Newswise — The Healthy Diné Nation Act (HDNA) was signed into law in 2014, mandating a 2 percent tax on all “foods of little-to-no-nutritious value” purchased in Navajo Nation retail stores. The law was designed to promote health and combat high rates of overweight and obesity—along with diseases such as heart disease and Type 2 diabetes. The tax applies to high-fat baked goods and high-sugar items with little or no nutritional value, including sweetened beverages, chips, candy, frozen desserts, pastries and fried foods.
In 2017, a team of officials from the Navajo Tribal Epidemiology Center (NTEC) and the Navajo Nation collaborated with faculty members of Northern Arizona University’s Department of Health Sciences—professor Tim Behrens, associate professor Dirk de Heer and associate professor Priscilla R. Sanderson—to study the implementation of the tax. Leadership from the Navajo Nation included NTEC director Ramona Antone-Nez and epidemiologist Del Yazzie; Shirleen Jumbo-Rintila, legislative specialist from the Navajo Division of Community Development; Martin Ashley, executive director of the Office of the Navajo Tax Commission; Herbert Benally from Diné College; and Moroni Benally, vice president for Government Affairs and Public Relations at Diné College. Representatives from several chapters on the Navajo Nation and Kristen Tallis, a student in NAU’s new Master of Public Health program, also served as key contributors to the project.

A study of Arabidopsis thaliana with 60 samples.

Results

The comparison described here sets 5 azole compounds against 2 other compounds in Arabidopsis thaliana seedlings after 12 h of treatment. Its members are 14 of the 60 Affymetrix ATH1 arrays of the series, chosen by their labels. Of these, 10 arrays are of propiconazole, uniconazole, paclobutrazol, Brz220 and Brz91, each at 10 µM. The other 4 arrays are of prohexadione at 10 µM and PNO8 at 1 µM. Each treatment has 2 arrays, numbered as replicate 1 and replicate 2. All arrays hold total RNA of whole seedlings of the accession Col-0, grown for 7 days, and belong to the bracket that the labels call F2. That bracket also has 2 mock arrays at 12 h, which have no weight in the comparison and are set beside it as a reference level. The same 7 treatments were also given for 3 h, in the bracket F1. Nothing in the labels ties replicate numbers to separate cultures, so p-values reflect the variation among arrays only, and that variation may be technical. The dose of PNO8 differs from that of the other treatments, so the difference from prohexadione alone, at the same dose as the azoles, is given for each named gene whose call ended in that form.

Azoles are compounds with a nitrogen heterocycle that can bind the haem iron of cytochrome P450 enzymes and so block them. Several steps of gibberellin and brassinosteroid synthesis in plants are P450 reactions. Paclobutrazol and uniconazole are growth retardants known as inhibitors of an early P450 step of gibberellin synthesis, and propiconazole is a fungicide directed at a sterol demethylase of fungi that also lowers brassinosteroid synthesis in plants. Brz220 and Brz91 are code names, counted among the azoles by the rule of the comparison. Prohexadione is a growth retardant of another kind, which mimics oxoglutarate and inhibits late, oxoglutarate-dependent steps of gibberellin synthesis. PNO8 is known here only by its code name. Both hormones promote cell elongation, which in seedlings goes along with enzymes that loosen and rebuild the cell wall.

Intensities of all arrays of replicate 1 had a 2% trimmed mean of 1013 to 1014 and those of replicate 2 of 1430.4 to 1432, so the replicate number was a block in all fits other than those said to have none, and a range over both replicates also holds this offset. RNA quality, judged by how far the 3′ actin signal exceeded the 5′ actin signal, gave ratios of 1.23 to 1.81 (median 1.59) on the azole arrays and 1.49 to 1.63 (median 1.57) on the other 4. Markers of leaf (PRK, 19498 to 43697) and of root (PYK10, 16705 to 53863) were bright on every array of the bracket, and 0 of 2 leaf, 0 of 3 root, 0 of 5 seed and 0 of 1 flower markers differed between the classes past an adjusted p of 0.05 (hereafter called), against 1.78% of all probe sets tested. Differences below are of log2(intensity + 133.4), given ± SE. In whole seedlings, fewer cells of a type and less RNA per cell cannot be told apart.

During this initial one-year study, which was funded through a $225,000 grant from the Robert Wood Johnson Foundation (RWJF), the team gathered data to understand how the funds were collected, distributed to tribal chapters and invested to improve the health of tribal members.
Now, with a new $1.4 million R01 grant from the National Institutes of Health’s National Institute on Minority Health and Health Disparities, the team will embark on a four-year project to determine the impact of the HDNA.
“We will build on the work we started during the original project expanding this project with new collaborators and new data to gain insight into chapter wellness projects funded by the tax, the food store environment and nutrition-related health behavior,” de Heer, the principal investigator, said.
In addition to NAU assistant professor Sean Gregory, NTEC project manager Simental Francisco will join the team. Francisco and the NTEC team led the development and implementation of the Navajo Nation Health Survey, and they will develop a follow-up survey as one of the key tools for gathering data for this project.
The team will also partner with Sonya Shin, director of Community Outreach and Patient Empowerment (COPE), a community organization located in Gallup, New Mexico, that is affiliated with Harvard's Brigham and Women's Hospital. Shin, co-principal investigator of the project, will study the food environment in stores on and around the Navajo Nation.